Hong Kong pro-democracy protesters took to the hills to form flashlight-carrying human chains on Friday, using the colourful Mid-Autumn Festival as a backdrop to the latest in more than three months of sometimes violent unrest.
The peaceful protests, on a day when families traditionally gather to gaze at the moon and eat mooncakes while children swing colourful lanterns from the end of sticks, came after Hong Kong leader Carrie Lam promised to focus on housing and jobs to try to end the turmoil.
Lam, who said she caused ‘unforgivable havoc’ by igniting the crisis and would quit if she had the choice, said in a Facebook post her government would increase the supply of housing in the Chinese-ruled city.
‘Housing and people’s livelihoods are the main priorities,’ Lam said. ‘The government will add to housing supply measures which will be continuously put in place and not missed.’
Hong Kong has some of the world’s most expensive real estate and many young people say the city’s housing policy is unfair, benefiting the rich while forcing the less well-off to live with their parents or rent ‘shoe box’ apartments at exorbitant prices.
Sun Hung Kai Properties, which reported its earnings on Thursday, said the current unrest was a wake-up call to both the government and private companies to build more housing.
Financial Secretary Paul Chan told reporters a new vacancy tax aims to push developers to launch completed apartments on to the market as soon as possible.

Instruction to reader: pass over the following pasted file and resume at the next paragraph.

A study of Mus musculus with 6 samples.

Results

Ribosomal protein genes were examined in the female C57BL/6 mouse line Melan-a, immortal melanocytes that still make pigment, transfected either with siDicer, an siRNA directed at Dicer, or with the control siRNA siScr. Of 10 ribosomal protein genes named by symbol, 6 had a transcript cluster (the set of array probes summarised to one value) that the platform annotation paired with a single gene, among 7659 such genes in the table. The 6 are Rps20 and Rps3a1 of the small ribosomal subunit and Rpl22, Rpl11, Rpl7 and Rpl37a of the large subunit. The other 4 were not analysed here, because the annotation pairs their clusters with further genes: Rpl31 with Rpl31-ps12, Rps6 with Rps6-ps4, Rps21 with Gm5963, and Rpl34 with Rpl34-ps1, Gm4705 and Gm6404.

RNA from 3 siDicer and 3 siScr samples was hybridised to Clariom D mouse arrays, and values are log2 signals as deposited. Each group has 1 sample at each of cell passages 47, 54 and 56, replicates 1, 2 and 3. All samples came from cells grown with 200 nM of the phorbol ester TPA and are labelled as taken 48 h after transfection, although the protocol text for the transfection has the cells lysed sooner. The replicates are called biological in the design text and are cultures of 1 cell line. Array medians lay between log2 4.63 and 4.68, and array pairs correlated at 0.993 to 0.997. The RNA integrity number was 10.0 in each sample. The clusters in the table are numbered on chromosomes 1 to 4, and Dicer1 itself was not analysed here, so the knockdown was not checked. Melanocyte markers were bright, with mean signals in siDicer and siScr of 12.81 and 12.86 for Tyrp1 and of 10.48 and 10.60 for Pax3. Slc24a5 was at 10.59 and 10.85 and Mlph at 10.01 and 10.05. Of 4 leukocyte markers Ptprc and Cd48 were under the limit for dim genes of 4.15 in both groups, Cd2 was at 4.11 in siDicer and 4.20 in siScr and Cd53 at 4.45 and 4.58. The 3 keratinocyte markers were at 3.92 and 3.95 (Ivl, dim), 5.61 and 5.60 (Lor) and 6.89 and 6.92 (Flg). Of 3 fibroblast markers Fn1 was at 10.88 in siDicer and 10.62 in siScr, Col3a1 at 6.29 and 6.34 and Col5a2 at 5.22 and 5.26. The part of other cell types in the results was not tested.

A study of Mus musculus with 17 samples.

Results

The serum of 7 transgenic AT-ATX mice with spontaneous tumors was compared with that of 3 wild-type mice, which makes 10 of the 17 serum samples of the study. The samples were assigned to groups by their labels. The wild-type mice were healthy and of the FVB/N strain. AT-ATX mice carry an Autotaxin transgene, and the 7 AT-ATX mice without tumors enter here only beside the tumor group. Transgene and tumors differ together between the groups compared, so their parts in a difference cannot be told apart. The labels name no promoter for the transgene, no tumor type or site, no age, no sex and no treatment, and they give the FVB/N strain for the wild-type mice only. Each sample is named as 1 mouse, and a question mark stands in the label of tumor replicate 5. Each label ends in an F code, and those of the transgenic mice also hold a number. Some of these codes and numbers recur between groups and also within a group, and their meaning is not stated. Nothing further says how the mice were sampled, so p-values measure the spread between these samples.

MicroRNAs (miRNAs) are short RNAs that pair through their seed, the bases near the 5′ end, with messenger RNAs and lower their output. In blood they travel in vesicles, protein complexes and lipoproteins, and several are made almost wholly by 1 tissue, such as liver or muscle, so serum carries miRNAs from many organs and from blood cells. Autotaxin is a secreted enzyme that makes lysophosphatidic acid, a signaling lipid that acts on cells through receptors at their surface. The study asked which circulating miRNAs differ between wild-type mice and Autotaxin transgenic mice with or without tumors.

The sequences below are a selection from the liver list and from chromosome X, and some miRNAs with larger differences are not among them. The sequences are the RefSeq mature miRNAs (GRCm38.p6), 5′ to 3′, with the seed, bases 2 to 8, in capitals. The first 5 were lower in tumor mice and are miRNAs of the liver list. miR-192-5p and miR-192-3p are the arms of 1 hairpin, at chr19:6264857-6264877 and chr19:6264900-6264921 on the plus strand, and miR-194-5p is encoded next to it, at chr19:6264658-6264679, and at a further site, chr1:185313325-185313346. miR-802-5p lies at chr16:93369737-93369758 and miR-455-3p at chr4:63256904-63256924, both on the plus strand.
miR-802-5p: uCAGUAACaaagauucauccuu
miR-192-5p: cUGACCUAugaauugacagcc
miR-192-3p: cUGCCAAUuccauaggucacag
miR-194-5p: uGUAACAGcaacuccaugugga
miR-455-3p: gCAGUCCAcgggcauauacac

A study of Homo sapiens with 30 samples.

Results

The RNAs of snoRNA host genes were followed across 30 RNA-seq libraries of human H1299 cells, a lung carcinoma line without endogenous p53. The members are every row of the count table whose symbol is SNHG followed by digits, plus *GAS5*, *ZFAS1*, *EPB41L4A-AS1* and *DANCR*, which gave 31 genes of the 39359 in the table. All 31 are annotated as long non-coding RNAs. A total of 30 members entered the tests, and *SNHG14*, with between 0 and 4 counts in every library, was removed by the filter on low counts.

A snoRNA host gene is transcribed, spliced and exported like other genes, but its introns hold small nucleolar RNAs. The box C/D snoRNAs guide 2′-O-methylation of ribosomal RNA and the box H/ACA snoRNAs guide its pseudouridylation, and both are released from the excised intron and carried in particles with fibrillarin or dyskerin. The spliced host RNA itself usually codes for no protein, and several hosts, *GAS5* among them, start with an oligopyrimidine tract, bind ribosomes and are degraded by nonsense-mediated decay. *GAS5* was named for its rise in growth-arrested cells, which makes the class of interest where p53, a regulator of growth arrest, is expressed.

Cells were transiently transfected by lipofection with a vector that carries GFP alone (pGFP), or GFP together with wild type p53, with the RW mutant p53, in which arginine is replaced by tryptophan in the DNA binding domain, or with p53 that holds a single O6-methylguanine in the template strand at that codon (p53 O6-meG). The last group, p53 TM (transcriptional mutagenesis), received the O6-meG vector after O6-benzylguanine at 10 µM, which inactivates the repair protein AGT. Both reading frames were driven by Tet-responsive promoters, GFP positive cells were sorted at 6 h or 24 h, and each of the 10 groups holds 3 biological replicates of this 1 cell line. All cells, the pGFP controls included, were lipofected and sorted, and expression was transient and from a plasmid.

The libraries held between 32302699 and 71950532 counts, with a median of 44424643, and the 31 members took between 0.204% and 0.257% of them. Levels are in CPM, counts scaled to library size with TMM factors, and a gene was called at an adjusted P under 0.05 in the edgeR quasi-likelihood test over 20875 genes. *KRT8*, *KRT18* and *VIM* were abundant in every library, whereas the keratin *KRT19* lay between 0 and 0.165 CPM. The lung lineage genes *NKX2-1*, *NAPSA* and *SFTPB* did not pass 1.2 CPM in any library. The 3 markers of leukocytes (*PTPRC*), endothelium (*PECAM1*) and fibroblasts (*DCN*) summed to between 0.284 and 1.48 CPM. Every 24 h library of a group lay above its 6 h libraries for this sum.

As darkness fell on Friday night, protesters armed with flashlights, mobile phones and lanterns gathered at Victoria Peak and Lion Rock.
They lined the path running along the north face of the Peak, looking across the harbour to Lion Rock in the distance, with mainland China beyond.
Protesters gathered in their hundreds across the territory, singing and chanting, in contrast to the violence of many previous weekends when police have responded with tear gas, rubber bullets and water cannon.
‘Today, there’s not many here because we have an event in every district, and because this area is not a residential area, it’s a working area full of offices,’ said protester Jason Liu in the Admiralty district of government offices and hotels.
The spark for the protests was a now-withdrawn extradition bill and concerns that Beijing is eroding civil liberties, but many young protesters are also angry at sky-high living costs and a lack of job prospects.
The demonstrations started in June in response to a bill that would have allowed people to be sent to mainland China for trial in Communist Party-controlled courts, but have broadened into calls for greater democracy.
The former British colony returned to China in 1997 under a ‘one country, two systems’ formula that guarantees freedoms not enjoyed on the mainland - including a much-cherished independent legal system.
At lunch on Friday, hundreds of pro-Beijing supporters packed into a shopping mall waving China flags and singing the Chinese national anthem.
Sit-ins at shopping malls are also planned over the weekend.
Activists also plan to gather outside the British consulate on Sunday to demand that China honours the Sino-British Joint Declaration that was signed in 1984, laying out Hong Kong’s post-1997 future.
China says Hong Kong is now its internal affair. It denies meddling in Hong Kong and has accused the United States, Britain and others of fomenting the unrest.
Britain says it has a legal responsibility to ensure China abides by its obligations under the Joint Declaration.